As students return to colleges and universities across the United States amid COVID-19 concerns, students, their parents and their families should ensure that arrangements for the student’s medical decision-making for an emergency are made. These arrangements will protect the student if they cannot make medical decisions for themselves and ensure that their loved ones will be entitled to receive protected Medical information. It is important, and often forgotten, that anyone over the age of 18 is legally an adult and can no longer rely on the legal authority of their parents as their legal guardian to help them make medical decisions.
Below is a list of steps that a student, their parents and their families returning to campus this fall should take to ensure the student’s family members can be contacted and can assist in a medical emergency:
Anyone 18 or older should complete a general Health Insurance Portability and Accountability Act (HIPAA) Release and Authorization Form to pre-approve certain individuals to access protected health information. HIPAA generally will not allow family members to access the student’s protected health information unless they have given them authorization. A student can give authorization to as many people as they want. Giving someone authorization to access information under HIPAA does not give them any ability to make medical decisions for the student. It also does not require a finding of incapacity to become effective, so it can be a useful tool for when the student needs assistance communicating and understanding physicians but can still make the ultimate decisions for themselves.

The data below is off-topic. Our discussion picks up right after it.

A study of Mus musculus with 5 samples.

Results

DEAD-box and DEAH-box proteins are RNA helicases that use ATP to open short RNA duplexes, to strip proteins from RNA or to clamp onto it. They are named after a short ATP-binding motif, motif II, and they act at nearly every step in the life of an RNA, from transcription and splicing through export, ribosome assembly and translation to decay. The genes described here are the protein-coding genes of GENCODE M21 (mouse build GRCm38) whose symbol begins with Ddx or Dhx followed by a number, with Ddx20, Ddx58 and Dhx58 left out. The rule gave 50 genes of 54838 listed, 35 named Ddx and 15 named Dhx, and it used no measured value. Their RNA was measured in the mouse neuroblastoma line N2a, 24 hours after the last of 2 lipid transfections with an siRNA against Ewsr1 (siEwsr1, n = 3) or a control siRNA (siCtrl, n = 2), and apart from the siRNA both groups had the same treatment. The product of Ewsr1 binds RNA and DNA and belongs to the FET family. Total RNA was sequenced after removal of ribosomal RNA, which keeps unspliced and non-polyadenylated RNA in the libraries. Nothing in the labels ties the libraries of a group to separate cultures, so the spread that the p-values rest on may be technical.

Anyone 18 or older should appoint someone they trust to serve as their Health Care Agent by completing a Health Care Proxy (in New York State) or a similar form in another state. By appointing an Agent, the student ensures that the person they choose can step in to make medical decisions on their behalf if they cannot make them themselves. The alternative is to rely on whatever local laws say, and often the “default” decisions that can be made by “next-of-kin” are restricted.
Each state has a different set of laws and a different form for appointing a Health Care Agent and medical professionals in that state are used to looking at their own state’s specific form. For that reason, we recommend that students, their parents and their families prepare the appropriate document both for their home state and for the state where the student is attending school. Both the student and the designated Agent should keep a copy (physical and digital) of the document.
It may seem old-school, but we advise students to keep a hard copy “emergency contact list” somewhere that their roommate, Resident Advisor or friends will know to look. While the school will have an emergency contact on file, it can take far more time for word to reach family members through official channels. Students should also consider having a friend save their parent’s full contact information into their phone in case of emergency.
Our team stands ready to assist our clients and their families with these and other family-centered decisions. Please contact us for more information about how we can help you and your college student ensure their medical decisions will be in the correct hands.